How is the structure of this story similar to a fairy tale? What elements do they share? Cite details from the text to support your analysis.
When the narrator of the story "Once Upon a Time" tells herself a bedtime story, readers expect it to be a fairy tale, and Gordimer incorporates several fairy-tale-like aspects into the structure of the story, as discussed below.
Happily ever after: This is a classic line from fairy tales; however, Gordimer begins the tale with the couple living happily ever after and completes the story with a distinctly unhappy ending.
Magic elements: The story includes a "wise old witch," although she does not appear to have any magic. However, as in some fairy tales, she gives gifts that end up being detrimental. She advises the couple to act upon fear and prejudice, and she gives the boy a book of fairy tales that inspires him to climb the wall, leading to his death. There is also a dragon in the form of the "Dragon's Teeth" wall topper that eventually "solves" the problem of fear but leads to ultimate tragedy.
Good vs. evil: Fairy tales present clearly defined characters who are either good or evil. In the story, from the couple's point of view, they themselves are good, and the "people of another color" who are quartered elsewhere are evil. Of course, that representation is ironic, as Gordimer obviously means to question those assumptions.
Use of Threes: Fairy tales often use objects or events in groups of threes. In this story, there are three members of the family, the husband, wife, and son. There are three minor characters: the grandmother, the housemaid, and the gardener. The phrase "heed ... advice" occurs three times.
Conflict: Fairy tales have a strong conflict, often life-threatening, that needs to be solved. In the story, the couple expends great effort to protect themselves from perceived outside threats. The irony, of course, is that the real threat is posed by their own fears and prejudice.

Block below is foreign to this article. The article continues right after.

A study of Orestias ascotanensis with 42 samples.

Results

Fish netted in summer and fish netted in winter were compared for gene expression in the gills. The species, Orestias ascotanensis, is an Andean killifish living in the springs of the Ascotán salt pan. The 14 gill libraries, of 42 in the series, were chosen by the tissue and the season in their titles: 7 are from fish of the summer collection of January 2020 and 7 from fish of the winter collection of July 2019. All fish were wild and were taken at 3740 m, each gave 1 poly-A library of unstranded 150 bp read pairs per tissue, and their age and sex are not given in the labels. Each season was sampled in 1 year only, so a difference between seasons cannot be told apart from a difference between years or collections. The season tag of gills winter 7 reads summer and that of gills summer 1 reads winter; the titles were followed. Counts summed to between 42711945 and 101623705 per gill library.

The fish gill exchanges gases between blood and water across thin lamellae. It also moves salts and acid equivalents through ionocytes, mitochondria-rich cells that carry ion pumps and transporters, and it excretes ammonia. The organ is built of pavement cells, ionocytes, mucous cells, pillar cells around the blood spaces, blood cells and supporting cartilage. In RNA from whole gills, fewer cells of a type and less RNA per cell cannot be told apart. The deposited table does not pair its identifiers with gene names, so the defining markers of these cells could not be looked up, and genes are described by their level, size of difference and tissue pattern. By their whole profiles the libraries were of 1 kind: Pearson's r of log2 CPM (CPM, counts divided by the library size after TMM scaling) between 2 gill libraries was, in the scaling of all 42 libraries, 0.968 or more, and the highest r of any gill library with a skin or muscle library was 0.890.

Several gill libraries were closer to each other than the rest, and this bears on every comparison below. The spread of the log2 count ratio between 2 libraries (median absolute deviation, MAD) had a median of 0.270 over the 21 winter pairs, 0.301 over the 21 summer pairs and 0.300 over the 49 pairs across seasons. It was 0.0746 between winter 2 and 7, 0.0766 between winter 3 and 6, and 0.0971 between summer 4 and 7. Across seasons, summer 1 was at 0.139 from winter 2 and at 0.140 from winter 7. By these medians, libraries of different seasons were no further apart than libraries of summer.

Lesson: Fairy tales usually impart a lesson that is important to the culture. This story has a strong lesson, pointing out the destructive nature of fear and prejudice.
Gordimer aptly weaves elements of traditional fairy tales into her bedtime story while applying skillful twists that help convey her theme.
"Once Upon A Time," has a number of elements that are common in fairy tales. Firstly, just like a typical fairy story, "Once Upon A Time," is set in an unspecified place and time. According to the narrator, for example, the story is set "in a house, in a suburb, in a city." There is, therefore, no clue to the specific location or time period, which is a common way of starting a fairy tale.
In addition, just like a fairy story, the characters are archetypal. They do not have specific first names and are simply known as the man, wife, and little boy.
Next, the story also contains a clear divide between good and evil which presents itself as the story unfolds. This is shown most clearly through the man's mother who the narrator calls a "wise old witch." It is also her influence in the story which leads to its tragic ending: the death of the little boy as he tries to climb over the garden wall.
Finally, the story deals with "extreme conditions." In this case, the author covers the theme of personal security and fear of outsiders. She portrays a world in which people hide away in their homes and are terrified of what might lurk outside the front door.